Bush's decision: To attack Iraq -- or not?

Posted: Thursday, August 15, 2002

WASHINGTON -- Harry Truman and the atomic bomb. John F. Kennedy and the Cuban missile crisis. George W. Bush and Iraq.

Bush's decision to attack Iraq -- or not to attack -- ranks among the most difficult any president has faced over the past several decades.

Lee Edwards, an analyst of presidential decision-making at the Heritage Foundation, said there is a common thread to all debates over the use of massive force: ''You have to ask yourself what the alternatives are.''

To many, what seems to be lacking in the Iraq case is the clear provocation that Truman confronted against Japan and Kennedy against the Soviet Union and their Cuban allies.

There is the strong suspicion that Saddam Hussein has the means and the motives to do something nasty against the United States, but is that justification enough?

Norman Ornstein, a scholar at the American Enterprise Institute, acknowledges that the difficulties in going after Saddam militarily are great but he believes the risks are worth it.

''I think we have to do something,'' he said. ''He (Saddam) does pose a threat. We have to do something because we said we would do something.''

Ivo Daalder of the Brookings Institution said Bush seems to have made a decision to take on Saddam without thinking through the consequences.

''He's been stuck with the decision ever since he made it,'' Daalder said. Alluding to what he called the Bush's ''analytical emptiness'' regarding Iraq, he said it is possible that ''the most likely way in which Saddam would use weapons of mass destruction (against Americans) is if we attack them.''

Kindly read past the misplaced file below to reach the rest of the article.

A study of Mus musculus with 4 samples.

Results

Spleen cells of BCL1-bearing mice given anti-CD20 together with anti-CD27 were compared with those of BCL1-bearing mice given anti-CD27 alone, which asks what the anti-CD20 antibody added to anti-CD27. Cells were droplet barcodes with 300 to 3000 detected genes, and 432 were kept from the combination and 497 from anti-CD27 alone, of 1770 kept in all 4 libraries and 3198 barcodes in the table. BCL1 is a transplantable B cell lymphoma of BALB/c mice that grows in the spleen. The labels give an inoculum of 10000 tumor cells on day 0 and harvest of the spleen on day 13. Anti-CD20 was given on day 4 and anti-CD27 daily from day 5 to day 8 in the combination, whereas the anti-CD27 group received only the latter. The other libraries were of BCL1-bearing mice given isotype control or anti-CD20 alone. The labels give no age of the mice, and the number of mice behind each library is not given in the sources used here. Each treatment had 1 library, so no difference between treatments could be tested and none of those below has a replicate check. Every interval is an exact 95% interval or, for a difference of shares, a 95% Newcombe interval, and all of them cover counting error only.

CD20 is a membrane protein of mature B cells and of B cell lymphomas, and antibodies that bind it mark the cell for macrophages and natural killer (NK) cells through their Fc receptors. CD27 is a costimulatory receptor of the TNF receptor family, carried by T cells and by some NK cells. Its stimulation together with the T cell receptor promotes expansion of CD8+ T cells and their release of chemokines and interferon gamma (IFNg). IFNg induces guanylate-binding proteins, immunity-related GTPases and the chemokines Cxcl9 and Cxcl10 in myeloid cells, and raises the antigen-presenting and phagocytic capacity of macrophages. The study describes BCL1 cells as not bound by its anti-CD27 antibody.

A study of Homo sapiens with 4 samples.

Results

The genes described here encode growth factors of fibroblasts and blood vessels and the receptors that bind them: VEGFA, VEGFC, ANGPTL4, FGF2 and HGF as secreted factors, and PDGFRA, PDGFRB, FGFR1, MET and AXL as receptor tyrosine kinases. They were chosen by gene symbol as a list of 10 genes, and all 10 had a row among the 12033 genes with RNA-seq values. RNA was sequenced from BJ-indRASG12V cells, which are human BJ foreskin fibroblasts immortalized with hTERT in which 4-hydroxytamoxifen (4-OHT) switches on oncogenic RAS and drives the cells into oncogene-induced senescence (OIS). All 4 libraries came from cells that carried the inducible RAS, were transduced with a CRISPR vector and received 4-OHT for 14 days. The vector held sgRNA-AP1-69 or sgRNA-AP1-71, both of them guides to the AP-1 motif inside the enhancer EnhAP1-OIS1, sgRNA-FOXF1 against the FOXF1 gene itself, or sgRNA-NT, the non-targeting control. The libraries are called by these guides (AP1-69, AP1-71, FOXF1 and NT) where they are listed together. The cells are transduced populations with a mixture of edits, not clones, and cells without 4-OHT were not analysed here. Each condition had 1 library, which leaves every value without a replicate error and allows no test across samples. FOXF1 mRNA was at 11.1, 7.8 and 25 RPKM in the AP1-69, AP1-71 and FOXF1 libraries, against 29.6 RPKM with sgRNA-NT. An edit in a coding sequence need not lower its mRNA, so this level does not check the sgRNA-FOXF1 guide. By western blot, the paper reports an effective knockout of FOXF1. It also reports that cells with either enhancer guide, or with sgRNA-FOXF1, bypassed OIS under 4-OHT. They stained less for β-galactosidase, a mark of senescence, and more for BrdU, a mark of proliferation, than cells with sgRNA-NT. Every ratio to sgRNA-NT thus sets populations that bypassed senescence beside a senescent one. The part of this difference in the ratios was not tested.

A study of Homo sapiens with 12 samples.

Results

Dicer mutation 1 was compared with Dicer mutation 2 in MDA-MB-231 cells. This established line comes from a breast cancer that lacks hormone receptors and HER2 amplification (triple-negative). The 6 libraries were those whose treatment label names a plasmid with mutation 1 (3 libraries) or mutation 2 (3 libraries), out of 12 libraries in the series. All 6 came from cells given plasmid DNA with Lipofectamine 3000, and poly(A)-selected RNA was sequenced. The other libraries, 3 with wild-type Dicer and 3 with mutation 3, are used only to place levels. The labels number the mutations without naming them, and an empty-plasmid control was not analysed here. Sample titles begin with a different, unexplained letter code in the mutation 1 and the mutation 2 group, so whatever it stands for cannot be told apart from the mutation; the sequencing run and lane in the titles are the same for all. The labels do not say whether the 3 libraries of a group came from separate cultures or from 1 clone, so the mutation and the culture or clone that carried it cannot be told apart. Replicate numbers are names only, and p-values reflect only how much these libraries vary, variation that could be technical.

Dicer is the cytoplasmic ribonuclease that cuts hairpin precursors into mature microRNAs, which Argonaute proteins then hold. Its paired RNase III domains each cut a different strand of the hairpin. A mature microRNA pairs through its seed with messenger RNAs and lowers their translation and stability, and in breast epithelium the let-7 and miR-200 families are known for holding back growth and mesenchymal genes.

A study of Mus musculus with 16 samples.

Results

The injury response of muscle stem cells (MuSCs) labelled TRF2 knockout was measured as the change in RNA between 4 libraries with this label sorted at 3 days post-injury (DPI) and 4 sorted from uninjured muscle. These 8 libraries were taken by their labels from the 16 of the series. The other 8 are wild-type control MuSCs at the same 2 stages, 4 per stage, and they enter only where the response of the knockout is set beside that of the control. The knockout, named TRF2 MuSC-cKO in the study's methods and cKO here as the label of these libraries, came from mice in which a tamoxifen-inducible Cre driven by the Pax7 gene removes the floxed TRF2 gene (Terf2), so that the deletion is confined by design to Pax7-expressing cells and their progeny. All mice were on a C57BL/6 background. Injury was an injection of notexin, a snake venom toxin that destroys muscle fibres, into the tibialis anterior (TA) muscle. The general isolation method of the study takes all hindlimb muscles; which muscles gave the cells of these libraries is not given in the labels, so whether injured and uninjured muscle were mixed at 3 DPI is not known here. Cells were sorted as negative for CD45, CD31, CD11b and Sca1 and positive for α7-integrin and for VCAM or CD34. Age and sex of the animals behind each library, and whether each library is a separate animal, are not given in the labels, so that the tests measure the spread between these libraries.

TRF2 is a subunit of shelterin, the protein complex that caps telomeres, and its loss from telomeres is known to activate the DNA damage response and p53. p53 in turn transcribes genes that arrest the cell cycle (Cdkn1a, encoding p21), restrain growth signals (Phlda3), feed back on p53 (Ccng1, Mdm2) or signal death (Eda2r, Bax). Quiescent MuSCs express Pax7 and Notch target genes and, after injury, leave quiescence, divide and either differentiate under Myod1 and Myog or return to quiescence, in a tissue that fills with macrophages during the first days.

Daalder says there is a stark difference between Bush's dilemma and the one Kennedy faced in 1962 at the time of the Cuban missile crisis.

Forty years ago, he said, ''There was an imminent threat, it was clearly identified and had to be dealt with,'' a reference to the offensive missiles Moscow installed in western Cuba.

Kennedy chose not to attack but instead imposed a ''quarantine'' around Cuba, blocking the entry of Soviet vessels to the island.

An anxious world waited 13 days before the superpowers were able to resolve the conflict peacefully. It was the closest the world came to a nuclear exchange in the atomic age.

Ornstein said Truman's decision to use the atomic bomb against Japan in August 1945 was momentous because of the unprecedented loss of life he knew it would cause.

What made the decision easier was that Truman also knew the alternative to the bomb -- continued conventional warfare with ''immense bloodshed on both sides,'' Ornstein said.

According to estimates, the number of dead would have exceeded by far those killed at Hiroshima and Nagasaki.

Horrible as the bombings were, they brought a speedy end to the bloodiest war in history.

There were other momentous presidential decisions: Truman sending troops to South Korea in 1950, President Johnson escalating the Vietnam War by carrying the fight into North Vietnam in 1965 and President George H.W. Bush leading an international coalition to drive Iraq out of Kuwait in 1991.

Many of the protagonists from 1990-91 are back for a return engagement: Colin Powell, presiding at the State Department; Dick Cheney, now vice president; and Paul Wolfowitz, now No. 2 at the Pentagon. All had different but critical roles in the earlier confrontation.

And once again, Saddam is the black-hatted guy from the Iraqi badlands, the same as he was in 1990-91.

But the situation the younger Bush faces is far different from that era, when it was relatively easy to rally international support against Saddam following his takeover of Kuwait.

Eleven years later, the coalition against Iraq is nowhere to be found. But Edwards, of the Heritage Foundation, believes that the case against Saddam is strong and that the earlier coalition can be rebuilt in large measure, especially in Europe.

''It's true the allies now have cold feet,'' he says. But he believes Powell can turn things around, and he predicts that the secretary will be doing just that all over Europe in the months ahead.

George Gedda has covered foreign affairs for The Associated Press since 1968.